WWW, September 2009 - With tracks like "Kum Out", several mixes of "Welcome To Canada", Lady Shelly's free MP3 Album gives a good representation of her past and presence as more-than-conscious Dancehall vocalist.
Lady Shelly's story is more than interesting: after moving to Montreal (Quebec) from Jamaica, she became a signed recording artist for a number of Dance labels, scored several hits and even received a golden plaque. A few years followed wherein she traveled to and from Jamaica, bringing her to the decision that she now was going to use her talents to spread Consciousness in the Dance.
In Montreal, she recorded "Welcome In Canada" (track 14). It's a Rub a Dub tune, which drew the attention of Dean Fraser. He made her decide to permanently move back to Jamaica and work on building her Dancehall career.
And she did.
KARAMANTI MIX VOLUME ONE _ RESURRECTION is an 18 track presentation of some really hard hitting Dancehall music. Ten tracks are new, by the way. Lady Shelly shows her talents on several styles, but they all have that militant and conscious element lacking in so many other Dancehall productions.
She addresses current situations in Jamaica (Bruce Golding, No Gully No Gaza), domestic violence (Kum Out) and the way Jamaicans are treated in Canada (Welcome In Canada). Her faith in Jah keeps her going on and she will not go astray from Him (Naa Do It), but she also sings about good vibes (Party Tonight).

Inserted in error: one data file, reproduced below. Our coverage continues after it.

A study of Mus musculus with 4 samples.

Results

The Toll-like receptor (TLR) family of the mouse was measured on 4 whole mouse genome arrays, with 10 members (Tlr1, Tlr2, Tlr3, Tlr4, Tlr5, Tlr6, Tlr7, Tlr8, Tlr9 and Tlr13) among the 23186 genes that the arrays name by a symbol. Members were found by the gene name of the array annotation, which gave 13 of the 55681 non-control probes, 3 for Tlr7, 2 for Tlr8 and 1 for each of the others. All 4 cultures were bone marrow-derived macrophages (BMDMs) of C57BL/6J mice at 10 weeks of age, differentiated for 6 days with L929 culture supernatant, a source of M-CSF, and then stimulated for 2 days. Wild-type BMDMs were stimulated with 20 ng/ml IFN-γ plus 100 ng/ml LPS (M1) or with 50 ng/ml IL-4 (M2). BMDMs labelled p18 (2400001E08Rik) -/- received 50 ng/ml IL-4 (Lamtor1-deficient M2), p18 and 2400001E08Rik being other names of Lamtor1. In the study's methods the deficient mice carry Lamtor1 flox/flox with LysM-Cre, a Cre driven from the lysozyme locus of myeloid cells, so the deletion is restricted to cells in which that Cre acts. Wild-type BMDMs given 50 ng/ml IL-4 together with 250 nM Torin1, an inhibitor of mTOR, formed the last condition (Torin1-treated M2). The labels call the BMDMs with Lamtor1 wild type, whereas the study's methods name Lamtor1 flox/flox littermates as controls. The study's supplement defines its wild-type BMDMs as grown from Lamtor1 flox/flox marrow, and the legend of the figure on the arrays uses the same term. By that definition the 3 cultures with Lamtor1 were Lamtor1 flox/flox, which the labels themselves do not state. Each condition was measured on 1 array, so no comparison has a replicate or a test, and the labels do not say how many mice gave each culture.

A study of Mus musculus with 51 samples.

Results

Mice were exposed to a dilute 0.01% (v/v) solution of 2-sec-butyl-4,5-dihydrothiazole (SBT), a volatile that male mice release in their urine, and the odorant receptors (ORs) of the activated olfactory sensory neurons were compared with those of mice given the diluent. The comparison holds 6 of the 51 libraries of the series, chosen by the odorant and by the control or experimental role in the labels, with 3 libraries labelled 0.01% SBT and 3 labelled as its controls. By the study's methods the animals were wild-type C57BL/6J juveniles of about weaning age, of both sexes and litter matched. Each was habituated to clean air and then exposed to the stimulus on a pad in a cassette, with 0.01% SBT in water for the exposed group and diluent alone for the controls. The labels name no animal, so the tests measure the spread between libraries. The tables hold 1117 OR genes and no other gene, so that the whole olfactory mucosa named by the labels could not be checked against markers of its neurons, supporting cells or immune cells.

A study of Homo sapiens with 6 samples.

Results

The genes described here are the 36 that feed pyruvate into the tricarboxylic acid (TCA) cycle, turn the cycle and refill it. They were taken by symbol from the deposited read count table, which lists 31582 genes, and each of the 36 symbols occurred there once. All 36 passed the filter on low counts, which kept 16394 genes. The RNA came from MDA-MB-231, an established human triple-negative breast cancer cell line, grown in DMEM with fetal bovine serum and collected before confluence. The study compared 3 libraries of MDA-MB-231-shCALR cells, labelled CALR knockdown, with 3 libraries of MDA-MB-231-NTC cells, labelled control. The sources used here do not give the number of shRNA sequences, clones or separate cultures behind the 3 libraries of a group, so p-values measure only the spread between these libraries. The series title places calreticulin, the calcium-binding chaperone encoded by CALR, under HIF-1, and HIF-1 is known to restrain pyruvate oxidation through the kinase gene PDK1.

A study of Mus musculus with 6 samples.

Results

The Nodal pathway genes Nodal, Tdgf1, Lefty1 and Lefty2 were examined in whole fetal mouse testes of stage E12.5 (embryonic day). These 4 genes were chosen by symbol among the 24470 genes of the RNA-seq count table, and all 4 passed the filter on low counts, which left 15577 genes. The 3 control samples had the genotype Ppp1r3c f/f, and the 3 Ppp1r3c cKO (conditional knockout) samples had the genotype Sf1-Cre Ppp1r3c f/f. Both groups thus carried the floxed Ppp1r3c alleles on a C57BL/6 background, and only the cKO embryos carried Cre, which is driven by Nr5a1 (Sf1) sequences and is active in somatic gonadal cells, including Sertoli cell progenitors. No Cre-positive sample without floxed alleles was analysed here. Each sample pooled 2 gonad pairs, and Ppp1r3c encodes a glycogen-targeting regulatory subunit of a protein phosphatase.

Lady Shelly's message is clear, and it gets even more clear on her website where we can find the story behind most of the tracks and herself. She is a hard working, even struggling artist whose refusal to walk in the ways of the wicked doesn't make things easier.
How easy is it, to be a female vocalist and you find out that one producer is more interested in punany than in the musical talents? How hard is it, to know that this producer is no exception? We feel it directly in the music and lyrics of this more-than-conscious Dancehall artist.
Download the album, check out her website for remixes and some instrumentals or even a capella recordings, read up her poetry and news items and know why Dancehall Music would not survive without sistren like Lady Shelly.
The mainstream might choose to ignore her, but the conscious online massive will not.